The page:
MCMC, telcos get ready for potential upsets from Huawei ban

The regulator is awaiting the US authorities’ final decision on Huawei equipment, which could affect Malaysia’s 5G plans


The Malaysian Communications and Multimedia Commission (MCMC) will be working with local telecommunications companies (telcos) to manage any possible challenges arising from the US’ latest sanctions on Huawei Technologies Co Ltd, its chief said.

MCMC chairman Al-Ishsal Ishak said the regulator will be making preparations together with industry players, while awaiting the US authorities’ final decision on the use of Huawei Technologies Co Ltd’s equipment, which could affect Malaysia’s 5G rollout plans. The announcement of the ban has already affected chipmakers worldwide amid concerns of its impact on the global supply chain.

“In light of the recently issued executive order on securing the information and communications technology and services supply chain by the US government, the MCMC as the regulator of the communications and multimedia industry will work together with domestic telecommunications service providers to determine the appropriate measures that will minimise potential risks and disruptions to services,” Al-Ishsal told The Malaysian Reserve (TMR).

The Trump administration on May 17 placed Huawei on a trade blacklist, prohibiting China’s largest technology firm from procuring the US-made software and components required to manufacture its products.

On May 20, the US provided some leeway in the form of a 90-day delay on the ban, while allowing Huawei to purchase American-made goods for the purposes of maintaining existing networks and providing software updates to existing Huawei handsets, although the company is still banned from buying US parts and components to make new products without licence approvals.

The potential measures, to be undertaken by Malaysian telcos alongside the MCMC, have yet to be decided, Al-Ishsal said, as the regulator first needs to “identify and recognise what the risks are”.

“At this point, it’s still not definitive as it’s unclear what the order will do, how much will be executed and so on. Preserving the sustainability and reliability of our nation’s telecommunications networks, as well as protecting consumers’ interest, remain our primary focus,” Al-Ishsal added.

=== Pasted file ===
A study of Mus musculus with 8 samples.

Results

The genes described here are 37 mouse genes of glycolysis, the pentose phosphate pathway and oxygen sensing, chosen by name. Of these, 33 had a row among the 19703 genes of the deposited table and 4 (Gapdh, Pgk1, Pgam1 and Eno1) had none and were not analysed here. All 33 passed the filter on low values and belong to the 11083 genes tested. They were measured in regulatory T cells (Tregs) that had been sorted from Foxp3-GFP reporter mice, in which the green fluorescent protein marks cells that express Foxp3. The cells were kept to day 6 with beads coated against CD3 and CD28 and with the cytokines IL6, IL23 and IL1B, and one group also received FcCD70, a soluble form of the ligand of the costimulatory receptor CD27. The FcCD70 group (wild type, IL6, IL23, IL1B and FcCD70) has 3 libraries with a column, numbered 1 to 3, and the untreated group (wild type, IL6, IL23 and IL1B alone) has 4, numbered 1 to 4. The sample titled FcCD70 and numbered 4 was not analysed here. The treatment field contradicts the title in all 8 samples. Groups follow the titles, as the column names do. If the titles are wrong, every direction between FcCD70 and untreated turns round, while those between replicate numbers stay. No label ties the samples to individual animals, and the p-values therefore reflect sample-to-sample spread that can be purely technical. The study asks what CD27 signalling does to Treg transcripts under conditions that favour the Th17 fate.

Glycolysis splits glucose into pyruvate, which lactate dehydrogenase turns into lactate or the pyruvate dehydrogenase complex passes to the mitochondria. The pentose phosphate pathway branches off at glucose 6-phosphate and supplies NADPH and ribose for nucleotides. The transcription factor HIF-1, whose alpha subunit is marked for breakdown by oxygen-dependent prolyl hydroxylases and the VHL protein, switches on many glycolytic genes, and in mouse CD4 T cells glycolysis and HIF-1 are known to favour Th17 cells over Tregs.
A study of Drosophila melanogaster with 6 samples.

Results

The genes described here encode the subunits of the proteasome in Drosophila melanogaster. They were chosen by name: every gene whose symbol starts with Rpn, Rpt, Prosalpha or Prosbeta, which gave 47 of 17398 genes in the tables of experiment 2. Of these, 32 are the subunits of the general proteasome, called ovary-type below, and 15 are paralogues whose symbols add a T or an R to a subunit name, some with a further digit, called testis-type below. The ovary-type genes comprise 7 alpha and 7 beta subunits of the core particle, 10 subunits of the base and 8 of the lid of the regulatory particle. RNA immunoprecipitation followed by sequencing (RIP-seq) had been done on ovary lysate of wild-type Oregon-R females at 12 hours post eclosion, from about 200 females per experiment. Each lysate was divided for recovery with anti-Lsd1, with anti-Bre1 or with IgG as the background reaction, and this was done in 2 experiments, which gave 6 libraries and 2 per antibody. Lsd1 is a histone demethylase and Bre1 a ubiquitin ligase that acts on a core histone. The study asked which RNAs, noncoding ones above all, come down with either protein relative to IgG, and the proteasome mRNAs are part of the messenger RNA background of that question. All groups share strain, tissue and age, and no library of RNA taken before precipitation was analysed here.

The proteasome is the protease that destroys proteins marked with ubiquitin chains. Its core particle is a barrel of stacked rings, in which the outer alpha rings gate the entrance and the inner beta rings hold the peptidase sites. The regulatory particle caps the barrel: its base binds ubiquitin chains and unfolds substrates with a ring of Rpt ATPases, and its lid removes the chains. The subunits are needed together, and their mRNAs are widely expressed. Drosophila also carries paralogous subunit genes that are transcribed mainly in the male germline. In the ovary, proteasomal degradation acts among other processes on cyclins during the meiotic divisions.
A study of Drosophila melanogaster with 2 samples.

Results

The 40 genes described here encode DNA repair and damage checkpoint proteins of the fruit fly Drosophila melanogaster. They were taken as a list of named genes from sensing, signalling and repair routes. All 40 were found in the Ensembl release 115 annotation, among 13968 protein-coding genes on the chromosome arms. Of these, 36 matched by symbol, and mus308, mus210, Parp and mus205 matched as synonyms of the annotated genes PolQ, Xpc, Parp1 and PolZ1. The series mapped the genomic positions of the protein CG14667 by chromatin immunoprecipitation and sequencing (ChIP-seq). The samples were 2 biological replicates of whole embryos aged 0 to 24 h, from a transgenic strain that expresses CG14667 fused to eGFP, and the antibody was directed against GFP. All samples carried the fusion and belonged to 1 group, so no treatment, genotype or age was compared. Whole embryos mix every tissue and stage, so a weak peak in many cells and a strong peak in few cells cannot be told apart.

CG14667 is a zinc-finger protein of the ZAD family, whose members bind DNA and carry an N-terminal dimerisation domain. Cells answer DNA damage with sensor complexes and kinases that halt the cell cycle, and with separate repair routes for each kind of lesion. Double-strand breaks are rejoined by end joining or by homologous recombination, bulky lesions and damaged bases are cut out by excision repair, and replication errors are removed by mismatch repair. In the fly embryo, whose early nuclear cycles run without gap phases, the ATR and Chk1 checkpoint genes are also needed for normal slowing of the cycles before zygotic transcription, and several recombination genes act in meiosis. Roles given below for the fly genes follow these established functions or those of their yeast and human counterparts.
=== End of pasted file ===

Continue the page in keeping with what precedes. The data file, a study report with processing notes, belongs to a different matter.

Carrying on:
The ban on Huawei is the latest in a series of sanctions against the Shenzhen-based firm, rooted in allegations that its products and technologies could be used in Beijing’s cyber espionage activities.

Alongside the US, several major economies including Australia, Germany and France have moved to stop the company from participating in domestic 5G infrastructure.

While Huawei’s primary business is in smartphones, it is also a global leader in telecoms infrastructure and was one of the pioneers of 5G, the next generation of mobile Internet connectivity that is projected to underpin many revolutionary technologies such as robotics and autonomous driving.

In January this year, Al-Ishsal told TMR that the National Cyber Security Agency (NACSA) had initiated a probe into the alleged cyber spy threats surrounding Huawei. The study is expected to be completed by the end of this year.

NACSA is leading the engagements with its counterparts in countries that have taken a stand against Huawei, while the MCMC and CyberSecurity Malaysia are consulted on specific topics.

In the meantime, Huawei is continuing its work with domestic telcos including Maxis Bhd, Celcom Axiata Bhd and Digi.Com Bhd to accelerate the rollout of 5G in Malaysia.

In a statement last week, Huawei said it will continue to provide security updates and after-sales services to all existing Huawei and Honor smartphone and tablet products, covering those that have been sold or are still in stock globally.

“We will continue to build a safe and sustainable software ecosystem, in order to provide the best experience for all users globally,” it said.

While the US’ increasingly extreme actions against Huawei appear to be in the name of defending national security, US President Donald Trump told a press conference at the White House last Thursday that he “could imagine Huawei possibly being included in some form of or some part of a trade deal”, suggesting that blacklisting Huawei could be a negotiation move amid the never-ending US-China trade tensions, rather than a genuine national security response.

Following the US’ export curbs, Huawei co-founder and CEO Ren Zhengfei said in an interview with Bloomberg Television released yesterday that while the move will impact the company, the technology giant may turn to its own chips that it has been designing for years and are now used in the company’s own smartphones.

However, the 74-year-old billionaire did not say how quickly Huawei would be able to ramp up its internal replacement efforts.

As for whether China might retaliate by banning American firms from Chinese markets, Ren said he would “be the first to protest” against such a move.

Analysts estimate Apple Inc, which was the world’s second-largest smartphone maker until it was overtaken by Huawei last year, could lose almost a third of its earnings if barred from China.

“Apple is my teacher, it’s in the lead. As a student, why go against my teacher? Never,” Ren said.

According to research firm International Data Corp, Huawei saw its smartphone shipments jump 50.3% year-on-year (YoY) to 59.1 million units in the first quarter of 2019 (1Q19), allowing it to overtake Apple with a market share of 19%.

Apple’s smartphone shipments fell 30.2% YoY in 1Q19, narrowing its market share to 11.7%, while Samsung Electronics Co Ltd remained the biggest smartphone maker globally with a 23.1% share despite posting an 8.1% fall in shipments.